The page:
Australian Reviews and Articles
The Sun-Herald, July 15 2001
Starring: David Duchovny, Julianne Moore, Orlando Jones, Seann William Scott.
Critic's warning: Coarse language, sexual references, violence, scary flying dinosaurs, alien attacks and bad acting.
Critic's rating: 3 out of 10.
Reviewed by Rob Lowing
Disgraced former Pentagon scientist Dr Ira Kane (Duchovny) has been exiled for the past five years at an Arizona community college.
So when Kane and his equally ambitious buddy Harry (Jones) stumble across living alien organisms, they dream of Nobel Prize-sized glory.
But suddenly these organisms start growing. The Pentagon and a snooty adviser, Dr Allison Reed (Moore), move in. Ira and Harry are kicked off limits.
Then the aliens begin evolving into really scary creatures: flying dinosaurs, vicious amphibians, malevolent insects.
The Governor of Virginia (Dan Aykroyd) is desperate. So who you gonna call?
Much as it would like to be, the saggy, sloppy, unfunny Evolution is no Ghostbusters. The attempt to turn the three doctors and slacker fireman Seann William Scott into cool alien-busters just stalls on take-off.
Duchovny was hardly known as Mr Chuckles on the hit The X-Files television series. He alternates here between undisciplined smirking and the kind of blankness which makes you wonder whether he's thinking about his laundry.
Scott bounces through as another Dude, Where's My Car? dimwit but talented Jones (Bedazzled) struggles with the seemingly endless bottom jokes.
The one who suffers the most is poor Moore, slumming it after fine work in Hannibal. In one courtroom scene, Allison appears in a blouse which - for no reason whatsoever, except maybe inept continuity - is steadily unbuttoned. Of course, top government scientists appear in public like that.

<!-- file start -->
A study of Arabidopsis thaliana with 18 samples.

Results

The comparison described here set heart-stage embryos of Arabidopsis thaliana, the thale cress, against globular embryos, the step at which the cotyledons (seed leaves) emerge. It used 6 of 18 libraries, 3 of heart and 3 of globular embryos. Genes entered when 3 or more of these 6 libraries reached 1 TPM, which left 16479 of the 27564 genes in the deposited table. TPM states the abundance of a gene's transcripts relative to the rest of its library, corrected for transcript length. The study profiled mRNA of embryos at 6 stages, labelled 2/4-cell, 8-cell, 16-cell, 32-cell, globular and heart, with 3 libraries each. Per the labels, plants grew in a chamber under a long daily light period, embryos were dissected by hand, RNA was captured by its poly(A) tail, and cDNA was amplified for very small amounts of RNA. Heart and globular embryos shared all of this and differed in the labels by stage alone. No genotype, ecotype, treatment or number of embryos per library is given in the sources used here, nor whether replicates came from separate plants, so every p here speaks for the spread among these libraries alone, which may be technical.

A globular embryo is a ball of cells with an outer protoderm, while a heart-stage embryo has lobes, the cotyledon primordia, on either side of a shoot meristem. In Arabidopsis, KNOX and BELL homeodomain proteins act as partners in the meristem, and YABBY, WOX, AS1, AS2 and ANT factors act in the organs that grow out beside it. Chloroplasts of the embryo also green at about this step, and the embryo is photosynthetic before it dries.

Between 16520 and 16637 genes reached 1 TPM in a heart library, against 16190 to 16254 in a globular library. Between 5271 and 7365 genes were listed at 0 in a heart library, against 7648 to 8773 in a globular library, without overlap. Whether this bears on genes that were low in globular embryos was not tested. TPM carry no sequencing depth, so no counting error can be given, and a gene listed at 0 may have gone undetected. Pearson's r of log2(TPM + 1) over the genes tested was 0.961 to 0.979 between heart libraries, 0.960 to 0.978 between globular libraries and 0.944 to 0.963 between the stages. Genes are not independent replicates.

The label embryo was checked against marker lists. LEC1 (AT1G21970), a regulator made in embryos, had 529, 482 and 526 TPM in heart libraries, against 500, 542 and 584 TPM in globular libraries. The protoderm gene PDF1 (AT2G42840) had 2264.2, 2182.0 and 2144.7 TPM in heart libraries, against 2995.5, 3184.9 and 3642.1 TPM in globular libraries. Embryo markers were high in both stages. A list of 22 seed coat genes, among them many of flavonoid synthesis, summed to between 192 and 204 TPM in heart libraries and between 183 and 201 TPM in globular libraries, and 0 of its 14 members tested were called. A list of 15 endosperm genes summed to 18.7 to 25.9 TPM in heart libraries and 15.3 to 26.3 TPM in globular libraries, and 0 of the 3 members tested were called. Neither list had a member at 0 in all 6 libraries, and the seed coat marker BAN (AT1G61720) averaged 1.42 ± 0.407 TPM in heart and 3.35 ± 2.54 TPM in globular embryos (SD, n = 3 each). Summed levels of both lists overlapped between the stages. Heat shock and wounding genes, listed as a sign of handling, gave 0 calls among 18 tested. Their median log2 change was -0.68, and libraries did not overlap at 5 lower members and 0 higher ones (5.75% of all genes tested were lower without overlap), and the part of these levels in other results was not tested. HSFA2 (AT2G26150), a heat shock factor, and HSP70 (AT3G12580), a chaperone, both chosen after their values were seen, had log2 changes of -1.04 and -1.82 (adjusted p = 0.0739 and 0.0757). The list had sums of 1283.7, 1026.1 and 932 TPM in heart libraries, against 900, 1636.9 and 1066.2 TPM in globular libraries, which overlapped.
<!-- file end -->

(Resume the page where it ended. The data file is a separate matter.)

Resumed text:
Moore is also made to fall over at every opportunity. However, unlike falling-down maestros Sandra Bullock (Miss Congeniality) and Jennifer Saunders (Absolutely Fabulous), Moore has no talent whatsoever in this department.
The lousy comic timing of all concerned is really shown up by the only decent jokester, original Ghostbusters star Aykroyd.
So, if adults are going to find this flat and tedious, what about the kids? In the cinema lobby before one screening, a hopeful mum told her tot, "It's a comedy about aliens. It'll be funny."
No, actually, it'll be scary. Think Jurassic Park, with big things with lots of teeth lunging at humans. You can forget the littlies and sensitive under-10s right away. And forget about any comparisons to joyous Men In Black. The special effects here are nothing to cheer about. Some, like the dinosaurs, range from competent to impressive. But the rest look like either painted wooden puppets or brown blobby cake mixture with tentacles.
The film takes pointless detours, like Ira's encounter with a former girlfriend, and delivers bad jokes, mostly about chicks taking their blouses off in public places.
In a bizarre twist, there's often a long silence after a bad joke as though the film-makers are waiting for the canned laughter. Maybe Ghostbusters director Ivan Reitman is waiting for a pat on the back. But with a crashing soundtrack obviously straining to pep up a boring, predictable plot, these film-makers will wait in vain.